China Manufacturing PMI misses target
China’s Manufacturing PMI data has disappointed today, clinging to expansionary territory but increasing fears that Asia’s powerhouse is slowing. On Saturday, official Manufacturing PMI fell to 50.4, well below the 50.8 expected, while today’s Caixin Manufacturing PMI for July tumbled to 50.3, well below the 51.0 expected. Notably, in this morning’s Caixin number, the new export orders sub-index plunged to 47.7.
Across the rest of Asia, Manufacturing PMIs were very much a mixed bag. Australian, Japan, South Korea and Taiwan’s Manufacturing PMIs remained solidly expansive, but regional Asia sagged well into contractionary territory, with Thailand falling to 45.7, Vietnam to 45.1, Malaysia to 40.1 and Indonesia collapsing to 40.1 also. Supply chain woes are affecting everybody to some extent, especially China with semiconductors, and magnified by the US entity list. But in regional Asia, It appears that the delta-variant gripping the region is making its presence felt in the data.
That had led to an interesting divergence in the morning session, with US index futures, the Nikkei and Australia performing strongly, after Wall Street finished Friday on a soggy note, while China markets sank. The PMI data and the emergence of 98 new cases of Covid-19 on the mainland weighing on sentiment. However, much as investors started the week elsewhere in the inevitable buy-the-dip mode, so it became for China markets which have rallied strongly with a heavy flow of funds down the Stock Connect pipeline from international investors.
Sentiment may also have been helped by the unveiling of the bi-partisan US infrastructure bill at a special Sunday sitting of the US Senate. Totalling around USD 1 trillion, it contains USD 550 billion of new spending over five years.
Being the first week of the month, the data calendar is heavy internationally, culminating in this Friday’s US Non-Farm Payrolls. Pan-Asia inflation data is released tomorrow. Although it is likely to show supply-chain-driven upward price pressures, concern over the delta-variant engulfing the region will likely offset that data. With lockdowns spreading in Australia, with no end in sight for Sydney, the RBA policy decision should be a non-event tomorrow, with Covid-19 delta-variant giving the RBA all the excuses it needs to stay firmly in the uber-dovish corner.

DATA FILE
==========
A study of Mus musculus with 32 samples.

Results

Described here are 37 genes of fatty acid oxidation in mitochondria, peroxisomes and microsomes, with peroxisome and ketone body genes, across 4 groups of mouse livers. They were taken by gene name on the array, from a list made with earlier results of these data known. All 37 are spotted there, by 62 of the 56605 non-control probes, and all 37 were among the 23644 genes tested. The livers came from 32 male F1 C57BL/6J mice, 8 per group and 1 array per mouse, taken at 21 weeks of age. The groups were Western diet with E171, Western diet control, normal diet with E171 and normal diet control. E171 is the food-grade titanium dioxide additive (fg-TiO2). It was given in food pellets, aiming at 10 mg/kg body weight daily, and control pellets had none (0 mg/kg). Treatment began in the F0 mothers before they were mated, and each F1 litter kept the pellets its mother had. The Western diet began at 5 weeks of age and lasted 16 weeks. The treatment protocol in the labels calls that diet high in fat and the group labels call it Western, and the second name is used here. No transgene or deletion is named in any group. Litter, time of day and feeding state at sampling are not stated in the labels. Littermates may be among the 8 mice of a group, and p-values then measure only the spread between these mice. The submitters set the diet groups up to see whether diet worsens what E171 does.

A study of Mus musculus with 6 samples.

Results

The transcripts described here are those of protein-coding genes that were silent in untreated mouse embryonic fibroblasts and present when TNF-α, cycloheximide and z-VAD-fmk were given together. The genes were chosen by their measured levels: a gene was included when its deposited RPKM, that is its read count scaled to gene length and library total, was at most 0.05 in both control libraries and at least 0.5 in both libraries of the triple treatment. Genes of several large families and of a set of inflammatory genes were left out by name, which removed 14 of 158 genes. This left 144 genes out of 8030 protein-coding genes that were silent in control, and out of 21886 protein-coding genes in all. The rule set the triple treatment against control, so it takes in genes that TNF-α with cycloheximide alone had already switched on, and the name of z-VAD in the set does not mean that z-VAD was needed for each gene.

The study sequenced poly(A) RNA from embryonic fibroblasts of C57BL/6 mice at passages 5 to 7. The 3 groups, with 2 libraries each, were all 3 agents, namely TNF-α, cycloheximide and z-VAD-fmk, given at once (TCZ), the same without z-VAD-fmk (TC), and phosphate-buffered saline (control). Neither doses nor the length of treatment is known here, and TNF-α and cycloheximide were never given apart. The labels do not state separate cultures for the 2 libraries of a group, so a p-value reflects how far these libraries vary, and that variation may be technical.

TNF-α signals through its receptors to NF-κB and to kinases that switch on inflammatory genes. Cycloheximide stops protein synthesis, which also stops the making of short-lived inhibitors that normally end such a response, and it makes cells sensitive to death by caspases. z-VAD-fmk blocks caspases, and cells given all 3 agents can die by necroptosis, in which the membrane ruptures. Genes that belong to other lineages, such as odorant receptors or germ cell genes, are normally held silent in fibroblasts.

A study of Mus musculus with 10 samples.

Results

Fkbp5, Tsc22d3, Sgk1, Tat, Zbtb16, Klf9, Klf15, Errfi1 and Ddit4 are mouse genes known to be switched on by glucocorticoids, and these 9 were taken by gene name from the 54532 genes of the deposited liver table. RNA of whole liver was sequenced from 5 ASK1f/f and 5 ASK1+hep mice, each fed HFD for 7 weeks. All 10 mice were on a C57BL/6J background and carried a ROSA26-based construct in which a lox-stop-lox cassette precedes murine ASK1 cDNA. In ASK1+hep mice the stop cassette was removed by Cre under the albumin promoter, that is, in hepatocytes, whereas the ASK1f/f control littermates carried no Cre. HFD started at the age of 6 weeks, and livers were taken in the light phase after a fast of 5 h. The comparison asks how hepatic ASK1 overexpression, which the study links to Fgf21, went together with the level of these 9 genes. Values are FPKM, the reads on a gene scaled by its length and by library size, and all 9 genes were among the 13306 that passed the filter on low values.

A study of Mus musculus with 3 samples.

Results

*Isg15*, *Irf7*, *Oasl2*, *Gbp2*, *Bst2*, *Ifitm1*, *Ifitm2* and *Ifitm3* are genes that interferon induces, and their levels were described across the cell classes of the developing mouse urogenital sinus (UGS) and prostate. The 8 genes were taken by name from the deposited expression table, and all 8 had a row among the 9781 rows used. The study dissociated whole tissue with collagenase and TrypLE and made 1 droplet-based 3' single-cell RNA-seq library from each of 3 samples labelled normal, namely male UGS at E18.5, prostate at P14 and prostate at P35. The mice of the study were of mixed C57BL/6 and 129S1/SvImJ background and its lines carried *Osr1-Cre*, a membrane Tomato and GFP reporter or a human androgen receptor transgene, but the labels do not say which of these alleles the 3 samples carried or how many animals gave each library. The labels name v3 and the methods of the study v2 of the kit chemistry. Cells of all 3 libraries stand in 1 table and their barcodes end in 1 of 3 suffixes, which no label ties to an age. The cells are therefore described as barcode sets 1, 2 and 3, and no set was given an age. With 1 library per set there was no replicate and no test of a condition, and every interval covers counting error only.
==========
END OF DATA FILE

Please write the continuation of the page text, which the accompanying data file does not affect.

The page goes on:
In contrast, New Zealand releases employment data tomorrow. A strong result will make a rate hike by the RBNZ at its next policy meeting a certainty in the minds of most analysts. The New Zealand dollar is likely to rally powerfully versus the Australian and US dollars if employment data is robust.
Similarly, South Korean trade data released over the weekend show a significant jump in imports, hinting that domestic demand continues to recover. That will keep the Bank of Korea on track to hike in Q4, although the won will stay under pressure in the shorter term as the US dollar remains strong and the PMI data across Asia suffers delta-wobbles.
The delta-variant is likely to stay the hands of both the Reserve Bank of India and Bank of Thailand this week as well. Realistically, only the RBI was an outside chance to hike, given that inflation remains stubbornly above its target range, something that ever-higher oil prices will complicate. Thailand remains in a virus-induced slow down anyway, but the RBI is more likely to focus on supporting a post-second-wave recovery, than worrying about inflation right now.
The Bank of England will also hold fire; as news emerges today, Britain is preparing a mass third shot booster programme later in the year. However, Brazil will likely buck the trend, hiking by anywhere between 75 and 100 basis points later in the week. Wednesday will see the release of pan-Europe plus US Manufacturing and Services PMIs, and Thursday a swath of Asian CPIs.
There is plenty of data interspersed as well; however, I believe the week will be dominated by three themes. First, the trajectory of the Covid delta-variant, especially if cases rapidly increase in mainland China. That could cause another bout of virus-fright in global stock markets. The passage of the now released US Infrastructure Bill, which should be a positive for US markets, particularly Dow Jones and Russel 2000 inhabitants. And finally, all roads will lead to the US Non-Farm Payrolls on Friday, with preliminary estimates hovering around the 750,000 mark. That will probably change quite a bit as the week progresses, and after so much promise of 1 million+ number earlier this year, which never happened, the risks are skewed towards a lower number. US market will likely take severe fright if it comes in under 500,000 jobs added.
A quick update on the digital Dutch tulip. Bitcoin fell by 4.0% over the weekend for reasons I know not. Nevertheless, it continues to hold on to its 100-DMA at USD 39,880.00 with support at Thursday’s low at USD 38,300.00.
As long as Bitcoin holds above its triangle breakout at USD 34,300.00, it remains on track to rally in the coming hours, days, weeks. The target for the triangle breakout being around USD 51,000.00 of fiat US currency back by the tax-payer revenues of the United States.